Minnesota growers involved in corn-to-plastic research
Plastic isn’t the first thing that most people associate with corn. The Minnesota Corn Growers Association is working to change that.
The association, working with the University of Minnesota’s Center for Sustainable Polymers, is investing more than $460,000 in research focused on developing plastics made from renewable sources. The goal is replacing petroleum with renewable sources, such as corn, for making plastics
Corn-based plastics already are used, but have “some limiting physical property characteristics,” the association says.
The corn growers-supported research includes projects that will greatly increase how and where corn-based plastics can be used by adding toughness, strength, better thermal stability and other characteristics that will expand applications, the association says.
One example: Researchers are working on a project to increase the strength of grocery bags, while also having the potential to decompose quickly.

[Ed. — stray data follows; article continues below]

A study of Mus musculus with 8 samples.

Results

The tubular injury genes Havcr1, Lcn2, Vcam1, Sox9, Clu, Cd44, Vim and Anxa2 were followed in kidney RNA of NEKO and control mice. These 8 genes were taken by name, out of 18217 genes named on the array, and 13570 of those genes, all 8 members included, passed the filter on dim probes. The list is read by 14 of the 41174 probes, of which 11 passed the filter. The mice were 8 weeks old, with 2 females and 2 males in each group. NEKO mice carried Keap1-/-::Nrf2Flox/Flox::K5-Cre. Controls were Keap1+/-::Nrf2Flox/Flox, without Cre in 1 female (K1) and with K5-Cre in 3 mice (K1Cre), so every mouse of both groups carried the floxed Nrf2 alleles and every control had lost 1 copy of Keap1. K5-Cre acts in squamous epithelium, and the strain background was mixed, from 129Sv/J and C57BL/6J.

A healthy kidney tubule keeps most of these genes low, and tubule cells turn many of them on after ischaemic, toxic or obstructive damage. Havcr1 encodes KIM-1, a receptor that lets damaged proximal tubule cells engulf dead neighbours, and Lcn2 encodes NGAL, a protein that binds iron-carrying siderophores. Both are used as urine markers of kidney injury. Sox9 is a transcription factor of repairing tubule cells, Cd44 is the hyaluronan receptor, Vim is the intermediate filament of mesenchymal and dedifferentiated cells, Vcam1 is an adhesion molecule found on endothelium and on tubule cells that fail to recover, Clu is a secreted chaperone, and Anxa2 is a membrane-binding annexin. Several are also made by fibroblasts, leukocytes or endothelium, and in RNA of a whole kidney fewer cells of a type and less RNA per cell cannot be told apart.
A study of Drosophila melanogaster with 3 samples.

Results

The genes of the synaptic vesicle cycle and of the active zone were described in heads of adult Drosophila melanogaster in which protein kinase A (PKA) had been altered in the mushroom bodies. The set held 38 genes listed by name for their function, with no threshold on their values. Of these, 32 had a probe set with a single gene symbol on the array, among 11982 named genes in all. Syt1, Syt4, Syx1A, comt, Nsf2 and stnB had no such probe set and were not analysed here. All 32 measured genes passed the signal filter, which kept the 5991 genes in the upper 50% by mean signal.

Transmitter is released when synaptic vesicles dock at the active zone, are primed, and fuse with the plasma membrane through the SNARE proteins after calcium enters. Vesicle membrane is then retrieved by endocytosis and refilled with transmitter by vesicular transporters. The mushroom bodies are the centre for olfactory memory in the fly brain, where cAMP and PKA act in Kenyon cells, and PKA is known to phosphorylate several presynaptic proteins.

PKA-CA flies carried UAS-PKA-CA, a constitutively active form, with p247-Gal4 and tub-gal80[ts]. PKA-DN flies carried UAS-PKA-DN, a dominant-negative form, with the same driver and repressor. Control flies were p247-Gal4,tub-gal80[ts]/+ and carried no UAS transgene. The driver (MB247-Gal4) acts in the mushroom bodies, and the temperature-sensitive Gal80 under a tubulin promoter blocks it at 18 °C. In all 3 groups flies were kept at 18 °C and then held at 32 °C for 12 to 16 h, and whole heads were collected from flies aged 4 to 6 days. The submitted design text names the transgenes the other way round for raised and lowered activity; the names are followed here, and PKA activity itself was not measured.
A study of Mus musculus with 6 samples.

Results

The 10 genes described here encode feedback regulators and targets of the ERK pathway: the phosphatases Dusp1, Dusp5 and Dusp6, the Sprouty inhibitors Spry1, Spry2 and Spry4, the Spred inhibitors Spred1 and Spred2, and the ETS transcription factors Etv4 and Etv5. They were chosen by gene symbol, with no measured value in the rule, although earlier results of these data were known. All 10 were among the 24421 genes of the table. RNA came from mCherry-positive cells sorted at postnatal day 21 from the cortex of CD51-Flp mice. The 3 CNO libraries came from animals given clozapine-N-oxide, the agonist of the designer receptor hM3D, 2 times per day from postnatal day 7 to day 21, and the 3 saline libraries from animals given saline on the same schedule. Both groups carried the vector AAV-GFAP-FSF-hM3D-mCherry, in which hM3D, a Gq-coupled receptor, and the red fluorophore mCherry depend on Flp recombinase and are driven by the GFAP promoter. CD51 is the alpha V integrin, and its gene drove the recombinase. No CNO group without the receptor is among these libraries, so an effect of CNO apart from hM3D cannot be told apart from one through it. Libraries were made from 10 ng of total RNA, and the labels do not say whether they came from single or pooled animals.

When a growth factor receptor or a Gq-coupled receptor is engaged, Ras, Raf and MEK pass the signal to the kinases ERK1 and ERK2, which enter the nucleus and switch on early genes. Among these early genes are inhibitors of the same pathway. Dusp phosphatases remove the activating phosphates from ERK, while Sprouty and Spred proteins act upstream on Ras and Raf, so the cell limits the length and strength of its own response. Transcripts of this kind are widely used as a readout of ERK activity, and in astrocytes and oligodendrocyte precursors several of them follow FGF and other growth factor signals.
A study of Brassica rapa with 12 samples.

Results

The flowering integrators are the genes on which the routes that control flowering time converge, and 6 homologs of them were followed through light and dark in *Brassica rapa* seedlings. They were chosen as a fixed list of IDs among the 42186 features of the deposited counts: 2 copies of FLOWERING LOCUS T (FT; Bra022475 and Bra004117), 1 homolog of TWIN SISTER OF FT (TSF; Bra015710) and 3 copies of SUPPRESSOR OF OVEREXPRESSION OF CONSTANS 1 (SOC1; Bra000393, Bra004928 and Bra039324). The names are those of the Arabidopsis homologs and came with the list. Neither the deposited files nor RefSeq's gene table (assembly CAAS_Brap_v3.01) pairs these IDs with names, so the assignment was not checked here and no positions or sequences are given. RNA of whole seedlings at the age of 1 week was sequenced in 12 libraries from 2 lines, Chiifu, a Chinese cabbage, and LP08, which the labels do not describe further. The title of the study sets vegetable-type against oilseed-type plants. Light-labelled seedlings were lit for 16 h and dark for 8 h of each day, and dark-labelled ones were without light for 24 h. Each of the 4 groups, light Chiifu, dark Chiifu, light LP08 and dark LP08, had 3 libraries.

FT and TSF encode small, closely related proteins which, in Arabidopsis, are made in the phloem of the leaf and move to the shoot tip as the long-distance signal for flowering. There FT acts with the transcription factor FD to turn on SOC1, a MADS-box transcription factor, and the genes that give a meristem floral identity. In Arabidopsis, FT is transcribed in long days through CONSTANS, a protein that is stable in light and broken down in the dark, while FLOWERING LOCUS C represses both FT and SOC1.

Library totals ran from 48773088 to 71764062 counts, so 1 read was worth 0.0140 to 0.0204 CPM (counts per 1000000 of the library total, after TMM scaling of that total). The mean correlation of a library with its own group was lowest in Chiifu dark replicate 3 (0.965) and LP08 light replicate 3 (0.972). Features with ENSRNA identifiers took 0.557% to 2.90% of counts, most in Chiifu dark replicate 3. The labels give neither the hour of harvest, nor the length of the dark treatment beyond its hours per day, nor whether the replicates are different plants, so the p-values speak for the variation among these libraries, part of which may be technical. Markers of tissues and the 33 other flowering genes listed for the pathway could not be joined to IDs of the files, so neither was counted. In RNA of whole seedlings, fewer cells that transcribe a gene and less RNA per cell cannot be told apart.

Other examples include diapers and glue.
With farm income continuing to decline, new markets for corn become even more important, the association notes.
This year alone, Minnesota corn farmers have invested more than $1.4 million in research at the University of Minnesota. Other research includes pest and plant disease, conservation and nutrient management best practices.
The funding comes through the corn checkoff, a small fee that’s assessed at the first point of sale, on every bushel of corn sold in Minnesota.
More information can be found at www.mncorn.org/research/.